Neck and shoulder pain can be classified in many different ways. Some people experience only neck pain or only shoulder pain, while others experience pain in both areas.
What Causes Neck Pain?
- Abnormalities in the bone or joints
- Poor posture
- Degenerative diseases
- Muscle strain
What Causes Shoulder Pain?
The shoulder is a ball and socket joint with a large range of movement. Such a mobile joint tends to be more susceptible to injury. Shoulder pain can stem from one or more of the following causes:
- Strains from overexertion
- Tendonitis from overuse
- Shoulder joint instability
- Collar or upper arm bone fractures
- Frozen shoulder
- Pinched nerves (also called radiculopathy)
How Are Neck and Shoulder Pain Diagnosed?
X-rays: Plain X-rays can reveal narrowing of the space between two spinal bones, arthritis-like diseases, tumors, slipped discs, narrowing of the spinal canal, fractures and instability of the spinal column.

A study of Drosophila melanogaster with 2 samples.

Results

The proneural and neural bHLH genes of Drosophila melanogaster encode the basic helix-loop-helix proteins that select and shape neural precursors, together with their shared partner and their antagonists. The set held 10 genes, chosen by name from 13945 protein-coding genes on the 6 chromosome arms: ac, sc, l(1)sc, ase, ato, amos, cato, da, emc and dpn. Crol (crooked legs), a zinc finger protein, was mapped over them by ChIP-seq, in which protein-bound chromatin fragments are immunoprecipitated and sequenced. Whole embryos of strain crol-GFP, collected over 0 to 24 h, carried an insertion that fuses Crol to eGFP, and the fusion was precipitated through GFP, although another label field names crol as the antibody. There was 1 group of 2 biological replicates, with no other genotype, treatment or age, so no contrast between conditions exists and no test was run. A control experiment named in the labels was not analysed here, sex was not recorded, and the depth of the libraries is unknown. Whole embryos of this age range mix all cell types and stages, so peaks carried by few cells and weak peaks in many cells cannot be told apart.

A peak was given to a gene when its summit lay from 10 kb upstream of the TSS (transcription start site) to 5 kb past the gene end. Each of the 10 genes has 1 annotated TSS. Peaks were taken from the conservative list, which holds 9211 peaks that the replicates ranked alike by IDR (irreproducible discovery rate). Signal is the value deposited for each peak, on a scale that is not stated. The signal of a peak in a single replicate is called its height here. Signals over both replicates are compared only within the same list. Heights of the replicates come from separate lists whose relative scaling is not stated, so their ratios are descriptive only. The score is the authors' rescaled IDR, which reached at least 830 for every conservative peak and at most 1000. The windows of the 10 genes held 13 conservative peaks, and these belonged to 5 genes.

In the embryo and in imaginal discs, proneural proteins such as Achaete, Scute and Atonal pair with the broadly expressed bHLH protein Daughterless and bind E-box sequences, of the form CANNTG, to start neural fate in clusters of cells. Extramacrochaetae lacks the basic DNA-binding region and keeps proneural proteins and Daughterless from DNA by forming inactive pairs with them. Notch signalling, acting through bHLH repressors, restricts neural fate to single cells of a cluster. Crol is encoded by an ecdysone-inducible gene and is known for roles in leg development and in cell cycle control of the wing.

MRI: Magnetic resonance imaging is a noninvasive procedure that can reveal the detail of neural (nerve-related) elements.
Myelography/CT scanning: Sometimes used as an alternative to MRI
Electrodiagnostic studies: Electromyography (EMG) and nerve conduction velocity (NCV) are sometimes used to diagnosis neck and shoulder pain, arm pain, numbness and tingling.
How Are Neck and Shoulder Pain Treated?
The treatment of soft tissue neck and shoulder pain includes the use of anti-inflammatory medication (such as Aleve or Motrin) and/or acetaminophen (Tylenol). Depending on the source of pain, drugs like muscle relaxers and even antidepressants might be helpful. Pain also may be treated with a local application of moist heat or ice. Local corticosteroid injection is often helpful for arthritis of the shoulder. For both neck and shoulder pain movement exercises may help. For cases in which nerve roots or the spinal cord are involved, surgical procedures may be necessary.